Video report by ITV News Social Affairs Editor Penny Marshall
President Donald Trump has been told to "never threaten an Iranian" after starting a potentially dangerous social media stand-off by warning Iran not to threaten America again, or it will face its "official end".
The US leader tweeted on Monday: “If Iran wants to fight, that will be the official end of Iran. Never threaten the United States again!”
His tweet received a swift response from the foreign minister of Iran, Javad Zarif, who said Trump "hopes to achieve what Alexander, Genghis & other aggressors failed to do".
He added: "Iranians have stood tall for millennia while aggressors all gone. #EconomicTerrorism & genocidal taunts won't "end Iran".
"#NeverThreatenAnIranian. Try respect—it works!"
The Twitter spat came amid heightened tensions between America and Iran following Mr Trump’s decision a year ago to pull America out of Tehran’s nuclear deal with world powers.
Semi-official news agencies in Iran then reported its production of low-enriched uranium had quadrupled.
A quadrupling of production would mean Iran will likely go beyond the stockpile limitations set by the 2015 nuclear deal with world powers.
Iran says it has informed the International Atomic Energy Agency, the UN nuclear watchdog, of its decision but the IAEA did not immediately respond to a request for comment.
Mr Trump’s tweet came after he seemingly sought to soften his tone on Iran following days of heightened tension sparked by a sudden deployment of bombers and an aircraft carrier to the Persian Gulf over still-unspecified threats.
In the time since, officials in the United Arab Emirates alleged four oil tankers have been sabotaged.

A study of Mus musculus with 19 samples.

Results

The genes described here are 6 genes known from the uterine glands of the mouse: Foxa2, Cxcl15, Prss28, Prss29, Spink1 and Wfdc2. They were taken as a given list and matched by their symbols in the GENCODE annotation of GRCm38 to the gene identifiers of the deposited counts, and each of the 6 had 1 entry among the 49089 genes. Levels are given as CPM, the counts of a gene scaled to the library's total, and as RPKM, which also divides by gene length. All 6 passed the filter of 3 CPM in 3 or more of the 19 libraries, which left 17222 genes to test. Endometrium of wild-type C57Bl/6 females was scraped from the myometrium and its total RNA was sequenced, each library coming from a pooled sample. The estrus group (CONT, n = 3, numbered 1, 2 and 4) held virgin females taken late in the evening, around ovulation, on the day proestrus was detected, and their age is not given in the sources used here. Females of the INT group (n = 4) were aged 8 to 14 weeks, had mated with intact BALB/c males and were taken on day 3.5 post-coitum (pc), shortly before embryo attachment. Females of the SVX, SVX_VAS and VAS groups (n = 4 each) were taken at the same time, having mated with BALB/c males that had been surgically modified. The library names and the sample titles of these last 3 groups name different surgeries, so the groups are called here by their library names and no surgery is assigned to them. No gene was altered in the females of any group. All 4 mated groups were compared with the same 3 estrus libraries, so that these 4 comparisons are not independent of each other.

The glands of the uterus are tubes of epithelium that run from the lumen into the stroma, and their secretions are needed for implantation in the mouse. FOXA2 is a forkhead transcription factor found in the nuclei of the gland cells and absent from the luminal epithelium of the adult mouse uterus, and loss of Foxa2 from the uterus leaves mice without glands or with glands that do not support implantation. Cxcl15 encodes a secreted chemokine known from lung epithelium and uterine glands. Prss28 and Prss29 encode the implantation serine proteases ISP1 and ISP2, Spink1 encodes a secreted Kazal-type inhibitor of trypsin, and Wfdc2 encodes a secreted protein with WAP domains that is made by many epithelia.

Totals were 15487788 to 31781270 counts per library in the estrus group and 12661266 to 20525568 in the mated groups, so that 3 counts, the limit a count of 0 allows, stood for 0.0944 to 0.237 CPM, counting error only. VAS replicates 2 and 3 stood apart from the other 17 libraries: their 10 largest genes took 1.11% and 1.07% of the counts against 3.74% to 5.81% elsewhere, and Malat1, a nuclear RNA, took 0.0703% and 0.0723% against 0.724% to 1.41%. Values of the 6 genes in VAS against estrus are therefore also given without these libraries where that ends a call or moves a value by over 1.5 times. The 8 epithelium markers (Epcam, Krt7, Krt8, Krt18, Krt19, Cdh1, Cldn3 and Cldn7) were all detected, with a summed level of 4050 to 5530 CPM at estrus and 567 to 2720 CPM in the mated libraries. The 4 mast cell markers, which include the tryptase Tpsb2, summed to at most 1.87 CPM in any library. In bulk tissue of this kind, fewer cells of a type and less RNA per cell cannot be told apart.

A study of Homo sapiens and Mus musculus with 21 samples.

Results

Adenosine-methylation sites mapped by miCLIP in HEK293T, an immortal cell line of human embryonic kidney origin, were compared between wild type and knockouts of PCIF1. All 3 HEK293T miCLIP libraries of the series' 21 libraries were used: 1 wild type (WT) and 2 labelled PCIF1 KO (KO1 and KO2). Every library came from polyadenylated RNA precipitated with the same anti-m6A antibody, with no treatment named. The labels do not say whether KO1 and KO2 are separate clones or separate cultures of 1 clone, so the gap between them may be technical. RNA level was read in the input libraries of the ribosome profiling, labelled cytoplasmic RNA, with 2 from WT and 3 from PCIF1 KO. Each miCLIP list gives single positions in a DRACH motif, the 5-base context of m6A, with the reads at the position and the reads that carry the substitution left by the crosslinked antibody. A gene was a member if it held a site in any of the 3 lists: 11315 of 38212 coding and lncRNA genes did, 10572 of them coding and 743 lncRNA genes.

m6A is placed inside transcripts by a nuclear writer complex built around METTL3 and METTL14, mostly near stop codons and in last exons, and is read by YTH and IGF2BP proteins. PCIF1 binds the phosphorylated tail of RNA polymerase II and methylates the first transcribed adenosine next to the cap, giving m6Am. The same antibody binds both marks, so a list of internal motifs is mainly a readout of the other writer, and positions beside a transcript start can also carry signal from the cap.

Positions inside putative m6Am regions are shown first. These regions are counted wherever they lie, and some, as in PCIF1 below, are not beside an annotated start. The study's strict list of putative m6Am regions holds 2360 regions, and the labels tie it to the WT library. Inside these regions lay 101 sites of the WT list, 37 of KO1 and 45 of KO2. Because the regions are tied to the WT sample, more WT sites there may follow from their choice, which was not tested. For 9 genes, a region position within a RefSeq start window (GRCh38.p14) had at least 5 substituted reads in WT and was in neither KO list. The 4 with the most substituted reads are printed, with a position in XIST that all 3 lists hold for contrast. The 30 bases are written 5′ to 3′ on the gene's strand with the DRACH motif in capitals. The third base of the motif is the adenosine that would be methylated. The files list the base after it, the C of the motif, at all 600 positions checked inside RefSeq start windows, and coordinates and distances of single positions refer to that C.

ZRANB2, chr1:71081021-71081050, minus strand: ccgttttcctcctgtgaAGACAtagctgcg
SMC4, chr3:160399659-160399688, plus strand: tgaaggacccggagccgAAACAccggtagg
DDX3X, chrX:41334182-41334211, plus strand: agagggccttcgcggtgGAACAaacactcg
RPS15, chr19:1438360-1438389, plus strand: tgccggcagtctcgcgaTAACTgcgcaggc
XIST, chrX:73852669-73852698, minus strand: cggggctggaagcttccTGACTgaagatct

Yemeni rebels allied with Iran launched a drone attack on an oil pipeline in Saudi Arabia.
US diplomats also relayed a warning that commercial airlines could be misidentified by Iran and attacked, something dismissed by Tehran.
While both Washington and Tehran say they do not seek war, many worry that any miscalculation at this moment could spiral out of control.
Iraqi military spokesman Brigadier General Yahya Rasoul said the rocket that landed near the US embassy was believed to have been fired from east Baghdad, an area home to Iranian-backed Shia militias.
Mr Trump campaigned on pulling the US from the 2015 nuclear accord, which saw Iran agree to limit its enrichment of uranium in exchange for the lifting of economic sanctions.
Since the withdrawal, the US has re-imposed previous sanctions and come up with new ones, as well as warning nations around the world they would also be subject to sanctions if they import Iranian oil.
Iran has announced it will begin backing away from the terms of the deal, setting a 60-day deadline for Europe to come up with new terms or it will begin enriching uranium closer to weapons-grade levels.
Tehran long has insisted it does not seek nuclear weapons, though the West fears its programme could allow it to build atomic bombs.
In an interview aired on the Fox News Channel, Mr Trump called the nuclear deal a “horror show”.
“I just don’t want them to have nuclear weapons and they can’t be threatening us,” Mr Trump said.
However, the nuclear deal had kept Iran from being able to acquire enough highly enriched uranium for a bomb.
UN inspectors repeatedly certified that Iran was in compliance with the accord.
Meanwhile, the US Navy’s 5th Fleet has announced it will begin “enhanced security patrols” in international waters with members of the Gulf Cooperation Council, which includes Bahrain, Kuwait, Oman, Qatar, Saudi Arabia and the United Arab Emirates.
Already, the USS Abraham Lincoln aircraft carrier, the amphibious assault ship USS Kearsarge and others are in the Arabian Sea, close to the Strait of Hormuz, the narrow mouth of the Persian Gulf through which a third of all oil traded at sea passes.